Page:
18 November 2015 at 7:11 pm #573505
This comet, which has spent all of its time in the south until now, is currently coming out of solar conjunction and it is moving rapidly north. It should become visible in the UK sometime towards the end of November as a 6th magnitude object low in the SE at dawn. We have just issued BAA Circular No. 835 which is available for download if you are logged in to the site. There is also a news article on the Comet Section page.
Nick.28 November 2015 at 8:26 am #577157Peter CarsonParticipant
It was a cold and moonlit morning here in Essex, but I decided to find a darkish spot near the SE Essex marshes and image comet 2013US10 Catalina. My 200mm telephoto lens and a stack of 16 x 10 second exposures recorded the dust and gas tails. The image at 05.52hrs UT was squeezed in at the start of astronomical twilight but before the sky brightened too much. The comet was only 5 degrees above the horizon at the time of the image. When the comet moves further away from the Sun it should be a good one!
Peter28 November 2015 at 4:57 pm #577158Paul Anthony BrierleyParticipant
That’s a nice image Peter.
You can see both tails clearly.28 November 2015 at 5:55 pm #577159Jeremy ShearsParticipant
Well done, Peter. A nice image, especially considering the challenging conditions you were up against.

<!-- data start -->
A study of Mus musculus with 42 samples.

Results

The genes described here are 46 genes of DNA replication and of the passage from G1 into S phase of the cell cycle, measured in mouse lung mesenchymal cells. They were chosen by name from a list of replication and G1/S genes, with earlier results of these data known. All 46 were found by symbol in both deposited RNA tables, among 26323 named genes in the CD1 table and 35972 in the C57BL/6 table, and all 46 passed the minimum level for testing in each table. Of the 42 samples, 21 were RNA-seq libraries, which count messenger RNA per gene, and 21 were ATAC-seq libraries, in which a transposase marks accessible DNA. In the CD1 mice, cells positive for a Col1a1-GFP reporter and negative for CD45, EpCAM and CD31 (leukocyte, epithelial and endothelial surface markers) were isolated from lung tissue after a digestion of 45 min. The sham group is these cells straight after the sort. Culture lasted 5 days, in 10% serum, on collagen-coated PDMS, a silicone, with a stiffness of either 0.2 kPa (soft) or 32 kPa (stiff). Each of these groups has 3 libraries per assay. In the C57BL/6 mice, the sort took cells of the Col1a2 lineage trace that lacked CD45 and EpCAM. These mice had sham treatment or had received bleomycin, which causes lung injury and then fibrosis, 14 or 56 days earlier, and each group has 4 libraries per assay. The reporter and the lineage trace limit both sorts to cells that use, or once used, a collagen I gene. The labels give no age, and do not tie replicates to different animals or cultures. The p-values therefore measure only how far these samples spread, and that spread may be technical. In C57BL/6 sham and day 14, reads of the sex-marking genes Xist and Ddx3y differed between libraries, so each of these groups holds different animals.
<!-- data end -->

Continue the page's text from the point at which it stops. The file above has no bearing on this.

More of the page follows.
I hope you’ll get more opportunities.
Jeremy29 November 2015 at 10:21 am #577160
Nice shot Peter. We were lucky with that cloud gap on Saturday morning. My single frame taken from Chelmsford is here. This is a single 8s frame with a 100mm lens but I have 30 of them to stack so hopefully should be able to detect some tail detail.
In any case this comet is now definitely available from our latitudes and it should be a good one.
Nick.30 November 2015 at 9:42 am #577161
Here is the result of stacking 28 x 8s exposures taken on Saturday morning using a 100mm, f/2 lens. The tails are just visible. I estimate a magnitude of 7.0 which seems a bit faint but the sky was very bright.
Nick.4 December 2015 at 7:44 am #577170
As forecast the sky cleared around 2am after rain and the transparency was very good this morning at 5. The Moon is getting closer to the comet but it is now only a thick crescent so is becoming less of a problem. Since the comet is still too low for my main telescope I drove to a dark site east of Chelmsford and set up there.
At around 5:30 I had set up my imaging equipment (Canon EOS550D + 200mm, f/2.8L lens on a Vixen Sphinx mount) and so started searching with 10×50 bins. The comet was definitely easier to see in the bins than my last chance a week ago but the conditions were a lot better.
This image is a stack of 22 x 30s exposures from 05:41 – 05:54 not tracked on the comet. The dust trail and gas tail show up nicely.